Publisher: Avon Books UK
Genre: Psychological Thriller/Mystery
A teenage girl is missing. Is your daughter involved, or is she next?
Your daughter is in danger. But can you trust her?
When Karen Finch’s seventeen-year-old daughter Sophie arrives home after a night out, drunk and accompanied by police officers, no one is smiling the morning after. But Sophie remembers nothing about how she got into such a state.
Twelve hours later, Sophie’s friend Amy has still not returned home. Then the body of a young woman is found.
Karen is sure that Sophie knows more than she is letting on. But Karen has her own demons to fight. She struggles to go beyond her own door without a panic attack.
As she becomes convinced that Sophie is not only involved but also in danger, Karen must confront her own anxieties to stop whoever killed one young girl moving on to another – Sophie.
A taut psychological thriller, perfect for fans of The Girl on the Train and I Let You Go.
This book has been getting a ton of positive hype on social media, so naturally my nosy self was dying to read it! While the storyline itself was excellent, I had so many problems with the Finch family that I found I couldn’t quite lose myself in the story as much as I would have liked to.
It begins with Sophie being escorted home by the police after a night out with a group of friends. She’s out of her mind drunk and when she wakes up the next morning she can’t recall much of anything from the night before. Her mother, Karen is understandably upset and shaken. It’s been two years since she was involved in a terrifying ordeal that’s left her agoraphobic. When it becomes apparent that both Sophie and Karen are in danger, the two frantically try and piece together what really happened that night.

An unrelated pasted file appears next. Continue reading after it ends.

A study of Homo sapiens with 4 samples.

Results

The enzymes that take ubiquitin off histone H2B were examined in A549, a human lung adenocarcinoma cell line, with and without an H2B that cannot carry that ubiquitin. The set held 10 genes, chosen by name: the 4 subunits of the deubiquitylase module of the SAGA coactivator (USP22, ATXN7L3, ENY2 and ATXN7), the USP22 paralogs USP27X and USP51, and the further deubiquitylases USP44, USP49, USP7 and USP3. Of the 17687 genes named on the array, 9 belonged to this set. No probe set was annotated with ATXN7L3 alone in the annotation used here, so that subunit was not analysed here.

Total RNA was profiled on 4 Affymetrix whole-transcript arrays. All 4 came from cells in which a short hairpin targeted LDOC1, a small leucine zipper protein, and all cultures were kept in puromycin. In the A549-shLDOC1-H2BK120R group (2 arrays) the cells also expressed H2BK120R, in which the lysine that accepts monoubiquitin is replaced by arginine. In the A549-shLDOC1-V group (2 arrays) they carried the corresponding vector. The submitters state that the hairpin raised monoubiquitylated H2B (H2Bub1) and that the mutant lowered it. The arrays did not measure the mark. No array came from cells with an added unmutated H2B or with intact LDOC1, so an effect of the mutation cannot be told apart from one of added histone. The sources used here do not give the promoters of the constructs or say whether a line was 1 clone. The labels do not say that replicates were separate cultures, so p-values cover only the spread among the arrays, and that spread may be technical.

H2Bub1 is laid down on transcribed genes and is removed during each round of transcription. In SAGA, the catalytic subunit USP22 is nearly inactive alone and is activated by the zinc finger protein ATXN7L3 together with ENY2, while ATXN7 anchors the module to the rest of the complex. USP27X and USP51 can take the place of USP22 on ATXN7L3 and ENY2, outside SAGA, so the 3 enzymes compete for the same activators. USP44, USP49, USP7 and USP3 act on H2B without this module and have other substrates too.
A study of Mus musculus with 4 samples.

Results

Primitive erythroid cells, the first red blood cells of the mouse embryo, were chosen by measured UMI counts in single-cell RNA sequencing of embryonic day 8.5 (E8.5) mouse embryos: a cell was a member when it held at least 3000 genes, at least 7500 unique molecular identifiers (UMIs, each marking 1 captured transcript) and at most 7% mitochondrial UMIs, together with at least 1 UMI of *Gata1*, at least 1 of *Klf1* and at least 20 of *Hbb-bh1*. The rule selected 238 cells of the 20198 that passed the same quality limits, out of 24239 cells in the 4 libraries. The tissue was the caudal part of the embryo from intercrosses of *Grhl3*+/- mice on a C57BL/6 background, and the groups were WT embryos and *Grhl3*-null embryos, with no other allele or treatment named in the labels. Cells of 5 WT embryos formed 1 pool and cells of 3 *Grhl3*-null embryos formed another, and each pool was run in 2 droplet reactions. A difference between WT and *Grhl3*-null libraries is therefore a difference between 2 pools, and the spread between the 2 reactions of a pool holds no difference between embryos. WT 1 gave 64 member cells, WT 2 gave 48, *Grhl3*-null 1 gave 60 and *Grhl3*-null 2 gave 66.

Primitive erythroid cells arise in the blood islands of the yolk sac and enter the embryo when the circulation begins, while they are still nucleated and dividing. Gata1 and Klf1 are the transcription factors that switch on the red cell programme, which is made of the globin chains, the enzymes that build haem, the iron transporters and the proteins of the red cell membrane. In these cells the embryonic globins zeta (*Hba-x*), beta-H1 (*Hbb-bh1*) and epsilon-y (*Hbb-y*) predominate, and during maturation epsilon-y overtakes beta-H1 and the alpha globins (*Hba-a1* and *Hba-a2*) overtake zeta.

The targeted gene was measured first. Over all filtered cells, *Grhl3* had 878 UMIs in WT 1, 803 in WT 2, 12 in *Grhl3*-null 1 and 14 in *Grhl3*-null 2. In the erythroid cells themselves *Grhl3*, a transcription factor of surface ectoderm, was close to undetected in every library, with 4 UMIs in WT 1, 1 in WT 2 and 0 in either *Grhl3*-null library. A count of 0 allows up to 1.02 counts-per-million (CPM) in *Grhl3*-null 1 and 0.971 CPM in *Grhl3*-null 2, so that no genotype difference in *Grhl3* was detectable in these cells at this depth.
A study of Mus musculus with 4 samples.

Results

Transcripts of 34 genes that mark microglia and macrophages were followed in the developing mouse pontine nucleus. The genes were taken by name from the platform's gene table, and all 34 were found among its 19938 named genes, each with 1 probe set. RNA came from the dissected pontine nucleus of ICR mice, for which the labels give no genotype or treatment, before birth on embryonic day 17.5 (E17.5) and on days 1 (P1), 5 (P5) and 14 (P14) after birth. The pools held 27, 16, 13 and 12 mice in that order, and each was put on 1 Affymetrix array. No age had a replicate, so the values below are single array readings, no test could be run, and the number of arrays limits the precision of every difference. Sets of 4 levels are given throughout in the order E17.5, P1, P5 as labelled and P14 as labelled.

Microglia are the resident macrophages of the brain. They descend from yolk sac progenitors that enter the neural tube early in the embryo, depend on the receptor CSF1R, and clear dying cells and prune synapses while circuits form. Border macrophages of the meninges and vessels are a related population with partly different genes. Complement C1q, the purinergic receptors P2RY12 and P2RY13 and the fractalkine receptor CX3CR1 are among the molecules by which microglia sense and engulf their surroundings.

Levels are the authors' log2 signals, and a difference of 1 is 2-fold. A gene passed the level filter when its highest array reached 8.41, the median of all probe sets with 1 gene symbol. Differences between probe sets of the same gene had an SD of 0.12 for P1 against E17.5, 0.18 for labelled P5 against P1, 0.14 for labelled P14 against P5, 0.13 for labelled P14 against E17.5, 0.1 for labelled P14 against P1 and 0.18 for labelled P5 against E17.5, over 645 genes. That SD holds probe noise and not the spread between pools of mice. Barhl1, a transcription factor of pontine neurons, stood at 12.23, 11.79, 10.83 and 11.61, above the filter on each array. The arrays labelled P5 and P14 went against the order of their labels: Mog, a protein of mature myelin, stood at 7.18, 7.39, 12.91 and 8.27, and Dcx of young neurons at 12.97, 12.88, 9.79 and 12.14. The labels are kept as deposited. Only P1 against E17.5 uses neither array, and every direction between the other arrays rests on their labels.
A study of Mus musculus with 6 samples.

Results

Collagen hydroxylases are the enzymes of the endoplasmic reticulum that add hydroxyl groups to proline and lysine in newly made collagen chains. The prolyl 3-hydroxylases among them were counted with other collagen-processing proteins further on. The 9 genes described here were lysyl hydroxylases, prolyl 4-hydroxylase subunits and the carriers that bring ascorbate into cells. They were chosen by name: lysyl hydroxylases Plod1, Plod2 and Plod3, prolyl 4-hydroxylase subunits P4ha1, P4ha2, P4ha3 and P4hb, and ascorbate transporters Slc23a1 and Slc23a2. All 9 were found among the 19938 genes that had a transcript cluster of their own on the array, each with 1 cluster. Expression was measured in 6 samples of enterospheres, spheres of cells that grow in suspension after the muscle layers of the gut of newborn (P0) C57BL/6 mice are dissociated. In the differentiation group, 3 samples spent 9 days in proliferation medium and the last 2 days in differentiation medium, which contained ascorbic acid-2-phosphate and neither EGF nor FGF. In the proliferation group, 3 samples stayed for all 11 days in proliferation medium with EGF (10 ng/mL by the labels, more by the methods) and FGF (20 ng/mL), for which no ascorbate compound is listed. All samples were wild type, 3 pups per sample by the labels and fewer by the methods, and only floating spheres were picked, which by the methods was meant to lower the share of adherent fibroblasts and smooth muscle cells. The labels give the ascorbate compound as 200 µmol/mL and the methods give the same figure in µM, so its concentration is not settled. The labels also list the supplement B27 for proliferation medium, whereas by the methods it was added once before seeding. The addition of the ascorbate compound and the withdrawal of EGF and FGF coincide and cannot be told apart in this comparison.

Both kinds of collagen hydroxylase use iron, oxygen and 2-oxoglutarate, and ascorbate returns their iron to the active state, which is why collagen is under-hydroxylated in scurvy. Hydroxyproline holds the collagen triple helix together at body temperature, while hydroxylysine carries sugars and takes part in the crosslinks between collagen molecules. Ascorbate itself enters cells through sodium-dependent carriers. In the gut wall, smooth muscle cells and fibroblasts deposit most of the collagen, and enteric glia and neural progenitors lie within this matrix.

Let’s start with what worked for me.The premise of this book really grabbed my attention, and the cover art didn’t hurt either. I’m a sucker for a good cover and this one is striking. Like I said earlier, the storyline worked for me as did the pacing. The chapters are short, rapid and told from Karen, Sophie and DI Wade’s POV. I always appreciate this approach, especially in a thriller where you know some, if not all of the narrators are unreliable. The plotting was well crafted and the tension was palpable. Carrington spoon feeds the reader with exactly the right amount of information to keep you engaged and flipping the pages quickly. I had anxiety right along with Karen as she stressed and worried about Sophie. The ending was a bit of a shock and I quite liked the epilogue.
As for what annoyed me, well the entire Finch family! Knowing the danger Sophie was in, I had a really hard time understanding why the hell Karen wouldn’t reveal all she knew to the police. Sophie was just as bad as her mother as they plotted and schemed together but were so hesitant to get help from DI Wade. Speaking of DI Wade, I would’ve liked to hear more from her as her chapters were short and infrequent and she seemed like a sharp and interesting character, she just wasn’t fleshed out at all. The afterward did make mention of her appearance in Carrington’s next novel though. Mike Finch was so irritating. He was so unsympathetic in regards to Karen’s agoraphobia that he just seemed like an insensitive jerk. With the altogether unlikability of this family and the mind blowing amount of secrets they were all keeping from each other, I really couldn’t warm up to any of them.
I’m starting to think that maybe I’ve just read way too many really well executed psychological thrillers so it’s rare that I’m blown away anymore. While there were certain aspects of Saving Sophie that I liked, I had just as many overall issues. I will say that I would be interested in seeing what Carrington writes next and that I can definitely see the appeal for some people.
Overall rating: 3/5
Thanks to Avon Books UK and Netgalley for my copy in exchange for an honest review.